WHO Report Lays Out Risks To Healthy Life World-Wide
In an ambitious effort to lay out a global agenda for disease prevention, the World Health Organization issued a report cataloging the biggest risks to health world-wide and offering prescriptions for addressing them on a national or regional basis.
If individuals and governments take concerted steps along the lines of those recommended in the 248-page study, "healthy life-expectancy" could be extended by five to 10 years or more, depending on where people live, the authors say.
If there is little action, then the number of world-wide deaths annually from tobacco use, for instance, could soar 80% to nine million by 2020. With little or no action, the annual death toll from obesity could rise by more than 60% to five million by then, the study says.
"We need to achieve a much better balance between preventing disease and merely treating its consequences," said Christopher Murray, executive director of WHO's Global Programme on Evidence for Health Policy, who headed up the study.
While effective treatments for illness and injury are crucial ingredients for healthy lives, "if you go one step back in the chain and look at risks that influence disease, you have a host of opportunities to prevent it before it happens," he said.
The report estimates that disease resulted in a loss of nearly 1.5 billion healthy years of life world-wide last year. About 40% of them were attributable to the top 20 risks described in the study.
The WHO researchers made a distinction between the contribution the risk factors have on death rates and on healthy years of life to account for the debilitating effects that disease can have on people's quality of life.
For instance, in Japan, which at 84.7 years for women and 77.5 years for men, has the highest life expectancy in the world, researchers said healthy life expectancy is 73.6 years for both sexes.
In developing countries with high mortality rates, underweight resulting from malnutrition accounted for 12.6% of deaths among males, but 14.9% of lost healthy years of life.
The report comes amid the AIDS epidemic in Africa, the growing toll of cardiovascular disease and obesity, and other daunting challenges to public health that affect all regions of the world and all socioeconomic groups. The hope is that individual countries will use the findings to stimulate debate and develop strategies tailored to fight their most important risks.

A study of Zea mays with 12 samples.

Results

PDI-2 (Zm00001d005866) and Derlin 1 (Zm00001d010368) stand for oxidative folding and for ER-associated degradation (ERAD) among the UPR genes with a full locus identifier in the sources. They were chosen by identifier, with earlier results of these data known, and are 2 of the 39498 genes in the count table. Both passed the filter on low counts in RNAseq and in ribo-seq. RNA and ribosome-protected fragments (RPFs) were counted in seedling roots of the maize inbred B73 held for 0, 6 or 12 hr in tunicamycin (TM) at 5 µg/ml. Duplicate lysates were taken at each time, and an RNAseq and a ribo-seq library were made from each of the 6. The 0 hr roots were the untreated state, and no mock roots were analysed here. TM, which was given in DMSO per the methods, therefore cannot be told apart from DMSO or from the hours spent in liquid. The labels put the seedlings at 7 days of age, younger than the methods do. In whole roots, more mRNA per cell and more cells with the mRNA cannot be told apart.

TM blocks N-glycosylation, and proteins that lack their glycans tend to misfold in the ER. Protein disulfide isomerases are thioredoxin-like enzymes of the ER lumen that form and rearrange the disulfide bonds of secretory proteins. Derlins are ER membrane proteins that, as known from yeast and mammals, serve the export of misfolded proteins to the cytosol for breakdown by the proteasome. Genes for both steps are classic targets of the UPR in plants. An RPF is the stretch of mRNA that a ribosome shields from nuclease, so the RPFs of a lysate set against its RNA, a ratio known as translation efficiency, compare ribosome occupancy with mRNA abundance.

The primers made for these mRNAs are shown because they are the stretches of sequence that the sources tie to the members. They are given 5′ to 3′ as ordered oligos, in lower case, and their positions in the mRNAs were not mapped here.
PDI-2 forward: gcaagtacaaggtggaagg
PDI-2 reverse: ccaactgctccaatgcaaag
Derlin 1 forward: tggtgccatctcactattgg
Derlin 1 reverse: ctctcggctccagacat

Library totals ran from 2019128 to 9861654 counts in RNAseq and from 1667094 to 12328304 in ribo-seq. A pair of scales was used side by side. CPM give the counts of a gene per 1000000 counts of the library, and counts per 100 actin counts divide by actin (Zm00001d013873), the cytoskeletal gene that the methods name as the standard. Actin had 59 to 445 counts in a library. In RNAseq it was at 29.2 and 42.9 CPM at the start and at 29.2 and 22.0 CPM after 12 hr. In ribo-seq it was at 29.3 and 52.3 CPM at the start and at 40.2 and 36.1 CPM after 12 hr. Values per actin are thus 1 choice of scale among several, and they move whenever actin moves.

The report, which took more than 150 researchers about four years to prepare, is based in part on a systematic review of hundreds of scientific papers, government reports and other documents dealing with 26 different health risk factors. The study was unveiled at a news conference in London. A summary is also being published in the journal Lancet.
The two most significant global health risks, according to the study, are low child and maternal weight -- reflecting poor nutrition, and contributing to such problems as low birthweight, diarrhea and pneumonia -- and unsafe sex. These problems are far more prevalent in developing societies where mortality rates are high, but many other risks among the top 10, including blood pressure, tobacco use, alcohol use, high cholesterol and obesity, affect both developed and developing regions. In a similar effort to catalog global risks a decade ago, blood pressure and cholesterol levels weren't top-tier factors.
Lack of necessary nutrients was also a major issue, with iron, Vitamin A and zinc deficiencies all included in the top 20 risk factors.
The report details 170 strategies that could be applied in various regions to make headway against health risks. For instance, to combat underweight and nutritional deficiencies, the report recommends that grains and sugars be better fortified with nutrients in developing countries. It also urges aggressive counseling to promote breastfeeding and a variety of public education and medical programs to combat AIDS, tobacco use and cardiovascular disease.